Small-Parcel Shippers to Get USPS Rate Breaks

The U.S. Postal Service has announced its 2010 parcel rate shipping prices to take effect Jan. 4, coinciding with rate changes made by FedEx and United Parcel Service. The overall average price increase will be 3.3% for Priority Mail.

For Express Mail Commercial Base, the increase will be about 4.5%. But the USPS is actually decreasing the price of its domestic Priority Mail Flat Rate Envelope from $4.95 to $4.90, while the Priority Mail Small Flat Rate Box will stay at $4.95.

The real news is that USPS is offering several new products aimed at small–package shippers, including cubic volume-based pricing for large-volume commercial Priority Mail shippers and a Priority Mail half-pound price, based on distance, in the Commercial Plus pricing category.

The USPS’s half-pound option will likely capture a lot of new interest, says Gerard Hempstead, president of Hempstead Consulting and a former vice president for DHL, “because an awful lot of 1-lb. shipments moving today weigh far less than 1 lb.”

And the Postal Service’s cubic volume-based pricing means customers who ship small dense, space-efficient packages will receive a financial incentive through a new, tiered pricing option. Hempstead says this new offering is the opposite of what the commercial carriers do, which is charge the higher of the actual weight or the cubic weight (L x W x H / 194). “The USPS is sharing its productivity improvement with incentive based lower pricing.”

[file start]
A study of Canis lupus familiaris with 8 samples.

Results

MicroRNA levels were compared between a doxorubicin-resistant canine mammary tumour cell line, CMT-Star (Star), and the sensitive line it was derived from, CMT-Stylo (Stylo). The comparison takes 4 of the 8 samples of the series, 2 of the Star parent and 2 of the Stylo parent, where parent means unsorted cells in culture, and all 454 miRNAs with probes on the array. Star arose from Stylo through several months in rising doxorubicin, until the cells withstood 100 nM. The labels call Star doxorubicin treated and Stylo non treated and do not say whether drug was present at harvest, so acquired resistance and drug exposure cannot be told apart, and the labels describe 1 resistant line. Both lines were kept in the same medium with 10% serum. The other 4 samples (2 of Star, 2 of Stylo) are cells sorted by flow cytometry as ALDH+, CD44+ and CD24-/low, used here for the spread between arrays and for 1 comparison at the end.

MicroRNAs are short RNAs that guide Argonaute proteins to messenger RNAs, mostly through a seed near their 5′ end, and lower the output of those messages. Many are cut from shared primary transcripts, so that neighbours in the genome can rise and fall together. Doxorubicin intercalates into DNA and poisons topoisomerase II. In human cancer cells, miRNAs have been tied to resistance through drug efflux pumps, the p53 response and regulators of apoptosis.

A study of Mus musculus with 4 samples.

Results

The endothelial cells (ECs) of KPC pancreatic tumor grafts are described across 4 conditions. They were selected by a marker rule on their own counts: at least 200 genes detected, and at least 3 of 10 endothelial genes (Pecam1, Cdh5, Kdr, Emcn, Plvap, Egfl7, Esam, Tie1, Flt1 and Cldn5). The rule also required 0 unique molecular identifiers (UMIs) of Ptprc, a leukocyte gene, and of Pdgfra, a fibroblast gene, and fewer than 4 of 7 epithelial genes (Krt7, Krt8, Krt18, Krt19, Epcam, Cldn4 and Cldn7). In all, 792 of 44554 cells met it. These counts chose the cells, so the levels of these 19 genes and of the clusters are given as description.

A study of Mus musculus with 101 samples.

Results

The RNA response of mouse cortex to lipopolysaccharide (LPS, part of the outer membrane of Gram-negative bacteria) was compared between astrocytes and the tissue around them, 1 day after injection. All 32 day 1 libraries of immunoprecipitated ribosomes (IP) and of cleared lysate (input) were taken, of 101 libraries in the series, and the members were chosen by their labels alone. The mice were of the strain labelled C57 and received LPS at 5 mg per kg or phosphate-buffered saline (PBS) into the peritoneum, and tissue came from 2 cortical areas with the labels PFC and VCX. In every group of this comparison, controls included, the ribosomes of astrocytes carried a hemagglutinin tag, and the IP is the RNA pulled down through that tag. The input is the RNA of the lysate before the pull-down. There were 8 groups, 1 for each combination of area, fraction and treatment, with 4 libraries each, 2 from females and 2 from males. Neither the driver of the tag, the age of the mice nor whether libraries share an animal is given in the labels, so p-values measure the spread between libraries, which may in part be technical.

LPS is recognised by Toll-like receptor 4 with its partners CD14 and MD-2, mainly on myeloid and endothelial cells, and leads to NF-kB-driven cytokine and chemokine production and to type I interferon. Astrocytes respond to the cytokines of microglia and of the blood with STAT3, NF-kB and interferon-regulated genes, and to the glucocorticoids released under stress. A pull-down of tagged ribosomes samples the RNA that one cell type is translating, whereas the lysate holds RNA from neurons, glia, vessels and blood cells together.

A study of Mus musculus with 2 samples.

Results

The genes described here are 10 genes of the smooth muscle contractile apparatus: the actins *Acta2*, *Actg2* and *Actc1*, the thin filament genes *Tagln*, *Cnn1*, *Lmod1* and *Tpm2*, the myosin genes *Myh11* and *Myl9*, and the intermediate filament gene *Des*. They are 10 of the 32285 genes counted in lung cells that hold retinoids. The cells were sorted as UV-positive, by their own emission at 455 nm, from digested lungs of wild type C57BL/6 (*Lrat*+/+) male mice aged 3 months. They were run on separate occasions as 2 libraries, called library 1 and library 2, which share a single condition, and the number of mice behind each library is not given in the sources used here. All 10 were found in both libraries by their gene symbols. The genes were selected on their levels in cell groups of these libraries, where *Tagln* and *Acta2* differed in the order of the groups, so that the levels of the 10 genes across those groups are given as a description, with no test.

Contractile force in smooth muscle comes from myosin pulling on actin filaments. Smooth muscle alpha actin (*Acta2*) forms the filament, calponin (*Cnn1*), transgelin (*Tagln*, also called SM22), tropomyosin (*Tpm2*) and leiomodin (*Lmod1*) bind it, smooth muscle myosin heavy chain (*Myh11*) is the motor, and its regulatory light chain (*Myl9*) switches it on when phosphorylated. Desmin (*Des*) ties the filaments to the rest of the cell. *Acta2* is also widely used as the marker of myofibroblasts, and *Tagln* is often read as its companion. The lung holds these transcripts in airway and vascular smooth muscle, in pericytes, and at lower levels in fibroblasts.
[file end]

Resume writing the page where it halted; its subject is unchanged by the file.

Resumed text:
The USPS purchases containers on the FedEx network and it operates its own surface transportation network that has excess capacity on the trucks, Hempstead explains. As a result, the more weight USPS can get into a cubic foot, the lower its costs are going to be to transport and the better yield it will have.

The Postal Service is also offering a Priority Mail Flat Rate padded envelope just for Commercial Plus shippers. The 9-1/2” x 12-1/2” envelope is specially designed for jewelry, electronics and other delicate goods.

A complete listing of 2010 prices is available at http://pe.usps.com under the “Jan. 2010 Price Change” link. The new prices and product innovations are pending Postal Regulatory Commission review.

Now, Hempstead says, “We anxiously await the announcement of the UPS rates for 2010 to see how its pricing will stack up against the USPS. I suspect that everyone who ships 1-lb. parcels should be quickly analyzing their transactions to see if they can divert shipments from UPS ground residential to Priority Mail—and perhaps get a service upgrade to boot.”

You have to know your shipping activity and set up your business rules to make sure you take advantage of the lowest possible rates, Hempstead says. And don’t hesitate to call in your postal rep to get an analysis of your shipping: “They have tools to help you decide where they might be the best fit.”